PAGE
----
June 07, 2002

After years of debate, the El Centro City Council voted to begin the necessary steps to create a lighting and maintenance district in the downtown area.

Unless the district is rejected, based on a weighted vote, the area's property owners will tax themselves to make Main Street a nicer place. It is, after all, the heart of the city. The city engineer was directed to prepare a report that analyzes the assessments to be levied and the potential benefits to those properties within the proposed district. The district's boundaries would be the Union Pacific Railroad tracks on the east and Imperial Avenue on the west. Only Main Street would be included.

Some of the expected activities allowed under the lighting and maintenance district include providing street, sidewalk, alley and public parking lot cleaning and other municipal maintenance services supplemental to those normally provided by the city, and installation of certain physical amenities throughout downtown.


For example, where the La Reina Restaurant once stood, there is an awful flock of dirty pigeons that have left and continue to leave a mountain of waste. That should be cleaned up, and it would be nice if the city didn't wait for LMD money to do so.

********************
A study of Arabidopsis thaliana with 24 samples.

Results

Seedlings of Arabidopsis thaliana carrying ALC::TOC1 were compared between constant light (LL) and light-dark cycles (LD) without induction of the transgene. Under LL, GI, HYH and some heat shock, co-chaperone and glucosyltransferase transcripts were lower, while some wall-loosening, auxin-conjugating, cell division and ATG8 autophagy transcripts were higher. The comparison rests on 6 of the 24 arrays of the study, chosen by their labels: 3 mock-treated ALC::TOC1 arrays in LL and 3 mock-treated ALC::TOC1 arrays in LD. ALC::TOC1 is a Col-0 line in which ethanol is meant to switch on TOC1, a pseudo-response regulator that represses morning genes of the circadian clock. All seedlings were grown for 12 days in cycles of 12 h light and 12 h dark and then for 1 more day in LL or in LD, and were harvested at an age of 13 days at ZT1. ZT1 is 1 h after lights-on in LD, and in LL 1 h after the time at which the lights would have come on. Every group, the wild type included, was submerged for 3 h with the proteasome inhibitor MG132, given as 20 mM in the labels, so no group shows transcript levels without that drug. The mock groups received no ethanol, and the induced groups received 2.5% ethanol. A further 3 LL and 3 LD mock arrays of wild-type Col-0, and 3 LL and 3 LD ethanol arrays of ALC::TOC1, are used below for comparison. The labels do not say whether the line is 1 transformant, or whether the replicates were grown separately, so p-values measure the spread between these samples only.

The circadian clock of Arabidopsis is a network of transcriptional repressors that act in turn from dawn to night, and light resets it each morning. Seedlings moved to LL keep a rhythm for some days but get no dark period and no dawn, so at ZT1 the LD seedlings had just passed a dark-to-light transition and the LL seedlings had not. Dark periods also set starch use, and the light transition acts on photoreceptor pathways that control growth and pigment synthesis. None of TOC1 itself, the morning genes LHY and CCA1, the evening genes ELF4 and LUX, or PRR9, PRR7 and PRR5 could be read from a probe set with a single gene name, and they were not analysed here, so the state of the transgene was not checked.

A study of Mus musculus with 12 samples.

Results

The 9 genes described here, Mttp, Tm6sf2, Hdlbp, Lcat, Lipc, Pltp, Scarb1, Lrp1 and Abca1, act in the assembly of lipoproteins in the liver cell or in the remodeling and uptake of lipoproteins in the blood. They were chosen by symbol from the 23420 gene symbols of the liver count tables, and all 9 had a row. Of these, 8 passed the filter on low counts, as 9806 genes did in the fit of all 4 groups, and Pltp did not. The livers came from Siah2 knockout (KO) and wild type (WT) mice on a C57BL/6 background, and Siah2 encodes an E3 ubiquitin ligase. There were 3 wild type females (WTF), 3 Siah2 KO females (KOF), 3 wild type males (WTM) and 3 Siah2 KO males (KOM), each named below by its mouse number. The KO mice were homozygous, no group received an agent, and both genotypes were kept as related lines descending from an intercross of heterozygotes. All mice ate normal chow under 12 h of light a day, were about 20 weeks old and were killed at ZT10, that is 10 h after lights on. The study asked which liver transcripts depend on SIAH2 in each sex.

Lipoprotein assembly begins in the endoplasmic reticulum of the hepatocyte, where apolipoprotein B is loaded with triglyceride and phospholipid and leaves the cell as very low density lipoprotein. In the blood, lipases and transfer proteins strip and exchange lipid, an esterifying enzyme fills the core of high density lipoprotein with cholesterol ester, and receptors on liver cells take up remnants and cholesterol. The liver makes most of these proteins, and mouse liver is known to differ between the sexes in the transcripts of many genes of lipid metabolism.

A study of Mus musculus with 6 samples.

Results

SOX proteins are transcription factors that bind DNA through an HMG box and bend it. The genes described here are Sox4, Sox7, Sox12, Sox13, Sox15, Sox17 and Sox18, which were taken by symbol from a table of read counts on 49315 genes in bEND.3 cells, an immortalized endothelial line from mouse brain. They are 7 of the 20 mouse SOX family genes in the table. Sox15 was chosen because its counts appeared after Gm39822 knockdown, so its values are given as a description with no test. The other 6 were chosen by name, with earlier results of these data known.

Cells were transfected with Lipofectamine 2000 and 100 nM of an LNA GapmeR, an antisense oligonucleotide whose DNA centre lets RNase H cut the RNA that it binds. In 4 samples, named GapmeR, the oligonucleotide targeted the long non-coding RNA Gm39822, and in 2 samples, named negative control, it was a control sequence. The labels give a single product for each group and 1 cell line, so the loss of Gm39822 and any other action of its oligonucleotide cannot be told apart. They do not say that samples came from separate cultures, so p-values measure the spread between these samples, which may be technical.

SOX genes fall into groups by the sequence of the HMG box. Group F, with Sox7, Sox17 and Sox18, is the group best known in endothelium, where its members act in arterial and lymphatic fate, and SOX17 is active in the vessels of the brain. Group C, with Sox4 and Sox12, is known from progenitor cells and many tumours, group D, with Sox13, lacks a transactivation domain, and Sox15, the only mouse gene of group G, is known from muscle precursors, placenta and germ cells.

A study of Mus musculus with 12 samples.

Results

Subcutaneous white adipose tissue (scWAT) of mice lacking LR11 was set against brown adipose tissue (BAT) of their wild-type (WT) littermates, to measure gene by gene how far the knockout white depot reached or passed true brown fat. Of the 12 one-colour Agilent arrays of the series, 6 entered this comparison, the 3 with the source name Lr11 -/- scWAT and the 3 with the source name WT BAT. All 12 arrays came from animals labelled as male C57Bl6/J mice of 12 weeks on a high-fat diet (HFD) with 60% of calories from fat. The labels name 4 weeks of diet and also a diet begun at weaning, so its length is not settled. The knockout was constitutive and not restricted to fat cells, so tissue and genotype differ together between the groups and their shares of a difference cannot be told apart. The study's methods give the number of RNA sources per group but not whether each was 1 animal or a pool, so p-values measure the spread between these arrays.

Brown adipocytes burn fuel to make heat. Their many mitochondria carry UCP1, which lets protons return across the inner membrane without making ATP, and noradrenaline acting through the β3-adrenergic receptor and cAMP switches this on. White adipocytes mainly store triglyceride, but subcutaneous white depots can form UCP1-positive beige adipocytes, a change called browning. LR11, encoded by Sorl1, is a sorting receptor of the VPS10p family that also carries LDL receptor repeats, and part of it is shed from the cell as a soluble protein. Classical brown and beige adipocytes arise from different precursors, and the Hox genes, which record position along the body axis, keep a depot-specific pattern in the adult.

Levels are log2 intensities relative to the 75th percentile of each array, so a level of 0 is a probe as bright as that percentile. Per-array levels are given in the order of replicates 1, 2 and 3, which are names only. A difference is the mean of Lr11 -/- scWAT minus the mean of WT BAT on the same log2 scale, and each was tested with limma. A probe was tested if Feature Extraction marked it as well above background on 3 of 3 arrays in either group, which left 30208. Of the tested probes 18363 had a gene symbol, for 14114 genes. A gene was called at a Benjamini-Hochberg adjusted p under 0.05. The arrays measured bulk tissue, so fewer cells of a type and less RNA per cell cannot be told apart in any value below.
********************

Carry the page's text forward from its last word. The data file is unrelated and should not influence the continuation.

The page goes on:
Another real eyesore is what remains after the old Salvation Army Thrift Store burned down — walls that would look much better if they were sand-blasted at the least. A fresh coat of paint would be nice.

Something also might be done about the old Crest Theater, what with graffiti and broken glass becoming all too common.

The original plan was to include the north side of State Street and the south side of Broadway in the LMD, but the city will start with more modest designs. That will, of course, reduce the amount of money that can be raised.

The important thing is that there be a start.

With the recent approval of a business improvement district, the downtown area promises to continue as the city's main attraction and business district.

Although there will be more money for some extraordinary maintenance, above and beyond that which is already done, the downtown is not without problems. From what we hear, the main problem remains parking. It was nice that the city's Redevelopment Agency spent more than $5 million, but the loss of parking at the Town Square, and what with the huge planters — well, people don't like to walk all that much, especially during our blistering summers.

We haven't forgotten the city is making efforts to make parking more amenable by installing shade devices, resurfacing some lots and installing eye-pleasing landscaping. Our only hope, and likely that of downtown merchants, is that there not be any further reduction in the number of parking spaces.

We also hope, that with the loss of Channel 9's headquarters, that the city will move quickly to convert the area behind the building into additional parking once the television station's antennas are removed.

The city is clearly putting some eggs in its downtown basket, and we think overall it is doing a good job.